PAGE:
Far East Mention Mannequins (FEMM): Japan’s Girl Power Revolution

This post is also available in: 日本語 (Japanese)

This month, Japanese electro-pop and dance music duo Far East Mention Mannequins, commonly known as FEMM, released their latest single “Shibuya Ex Horologium.” For those new to the group, their concept itself is a hook—they are a mannequin music duo. A mannequin music duo? How did this start? According to the group’s first youtube video, it all started in 2013 with the disappearance of 300,000 mannequins. A mysterious and ominous note was left behind; “Do dolls have feelings? Do their songs move people?” From the revolution carried out by the FEMM agency syndicate, two mannequins, Riri and Lula, were deemed worthy of animation and achieved freedom in expression, movement, and voice through the girl’s respective agents, Honey-B and W-Trouble. 

How is this blockbuster-level, film-like concept pulled off? As a look at any of their music videos will show, FEMM is made possible by the impeccable performance put on by the two human girls. They maintain stoic expressions, execute flawless dance moves while maintaining a stiff, mannequin-like composure, and sing with tastefully computer-enhanced, but still chillingly raw voices. Their performance is so good, in fact, that some have been known to confuse them for real mannequin robots!

From a creative sci-fi backstory of a quiet rebellion among oppressed mannequins comes a music duo that owns girl power in a way unlike anybody else. Their boldest instance is probably their most popular song, “Fxxk Boys Get Money,” in which Honey-B and W-Trouble, true to the title, sing about following their own ambitions and rejecting boys. “I’m too smart for all that, you can take that love shit back, cause the money’s where my mind is at,” they sing. “No drama in my life, never gonna be your wife, tossin’ all the boys off to the side. Move it along, me and the girls gon’ sing this song. Put you right where you belong, fuck boys get money all day long.” Always fashionable, the girls are dressed in their iconic latex maid costumes.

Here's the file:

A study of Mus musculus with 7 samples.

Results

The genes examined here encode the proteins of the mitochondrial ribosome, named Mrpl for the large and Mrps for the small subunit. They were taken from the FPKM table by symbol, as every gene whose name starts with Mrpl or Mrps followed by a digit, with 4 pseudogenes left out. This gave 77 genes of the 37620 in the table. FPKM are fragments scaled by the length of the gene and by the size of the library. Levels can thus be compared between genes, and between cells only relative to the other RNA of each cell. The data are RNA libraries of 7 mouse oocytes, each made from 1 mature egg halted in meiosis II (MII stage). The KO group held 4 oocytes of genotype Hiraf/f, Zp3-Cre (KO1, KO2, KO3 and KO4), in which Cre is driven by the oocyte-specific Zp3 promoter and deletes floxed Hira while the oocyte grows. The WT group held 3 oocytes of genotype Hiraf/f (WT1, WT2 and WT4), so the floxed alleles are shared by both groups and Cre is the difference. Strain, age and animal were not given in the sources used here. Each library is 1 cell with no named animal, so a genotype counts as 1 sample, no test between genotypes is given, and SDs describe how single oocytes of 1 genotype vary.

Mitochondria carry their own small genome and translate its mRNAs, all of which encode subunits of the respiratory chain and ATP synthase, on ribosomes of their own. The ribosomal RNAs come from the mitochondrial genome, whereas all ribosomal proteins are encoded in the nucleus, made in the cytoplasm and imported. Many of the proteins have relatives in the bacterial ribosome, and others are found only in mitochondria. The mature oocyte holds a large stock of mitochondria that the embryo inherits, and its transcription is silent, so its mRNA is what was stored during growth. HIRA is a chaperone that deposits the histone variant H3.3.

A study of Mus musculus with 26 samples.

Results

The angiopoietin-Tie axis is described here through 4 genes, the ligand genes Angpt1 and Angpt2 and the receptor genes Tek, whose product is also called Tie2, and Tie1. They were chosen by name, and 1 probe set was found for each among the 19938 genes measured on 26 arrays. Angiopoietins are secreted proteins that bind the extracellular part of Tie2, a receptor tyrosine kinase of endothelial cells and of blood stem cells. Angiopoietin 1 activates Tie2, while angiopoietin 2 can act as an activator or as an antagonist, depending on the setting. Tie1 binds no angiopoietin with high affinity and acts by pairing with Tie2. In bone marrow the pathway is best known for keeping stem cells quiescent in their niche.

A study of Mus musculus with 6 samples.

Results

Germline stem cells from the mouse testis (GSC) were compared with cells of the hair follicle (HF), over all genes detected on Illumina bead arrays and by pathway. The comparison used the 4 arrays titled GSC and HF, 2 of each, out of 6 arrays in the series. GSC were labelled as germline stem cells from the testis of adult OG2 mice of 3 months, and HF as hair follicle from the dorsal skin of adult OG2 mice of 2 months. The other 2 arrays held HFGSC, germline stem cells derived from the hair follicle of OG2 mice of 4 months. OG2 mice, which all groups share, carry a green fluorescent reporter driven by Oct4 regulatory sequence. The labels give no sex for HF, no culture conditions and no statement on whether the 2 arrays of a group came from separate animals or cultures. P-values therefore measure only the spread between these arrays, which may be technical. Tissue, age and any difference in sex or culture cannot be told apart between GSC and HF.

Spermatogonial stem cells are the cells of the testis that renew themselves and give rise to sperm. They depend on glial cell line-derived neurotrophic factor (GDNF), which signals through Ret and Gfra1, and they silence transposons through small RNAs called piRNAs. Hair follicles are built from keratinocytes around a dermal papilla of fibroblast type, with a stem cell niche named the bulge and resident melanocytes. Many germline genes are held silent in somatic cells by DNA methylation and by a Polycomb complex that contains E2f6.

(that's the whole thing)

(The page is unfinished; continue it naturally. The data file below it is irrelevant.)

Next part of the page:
A look at many of their other songs will yield similar messages of freedom and empowerment. In “Girls Night Out,” a charmingly hushed and yet boldly pumped celebratory song, they revel in the excitement of two girls clubbing together. In “Pow!” a track that can instantly brighten (and strengthen!) anybody’s attitude, they state that “cupid ain’t got nothing on me, you lock and load your eyes on me.” FEMM has also been noted to touch upon sexuality, what with the line “I know I’m not like that, but I’d be with her to get him back” in their song “Wannabe,” a scene of the two girls kissing in their “Kiss The Rain” video, and their sexual dancing together in “L.C.S.” Whether they are singing about rejecting boys, strengthening bonds between women, or getting the boy or girl they want, FEMM keeps showing us that you should do what is best for you in the moment, and to do it with confidence!

Another thing that has garnered FEMM love from all around the world is their ability to jump between different moods and styles. “Unbreakable” is a sweet, heartfelt song about the value of being strong and united amid hardship. In its music video, Riri wears what appears to be her outfit from “Kill the DJ,” which is an unapologetically empowering, upbeat electronic track, and Lula is wearing her outfit from “Party All Night,” a club song that guarantees self-confidence. The group primarily sings in English, but also sings in Japanese in tracks such as the 80s/90s vibed “淋しい熱帯魚” (Samishi Nettaigyo, or Lonely Tropical Fish).

While we have many amazing hologram singers, FEMM uniquely touches upon human turmoil, joy, and power in a daring, one-of-a-kind form of expression. Check out their albums “Femm-Isation” and “80s/90s J-POP REVIVAL,” and look forward to their newest album, “dollhouse,” to be released on August 4th!

Do you think we could all use some FEMM in our lives? If so, spread the word, and let’s spread the power!

This post is also available in: 日本語 (Japanese)

Ayu Martin

Ayu is a staff writer and editor for Trend & Chaos. She earned her Bachelor's degree in literature from The New School at age 20 and is now a graduate student in New York City working on her Masters in creative writing.  Follow her on Instagram.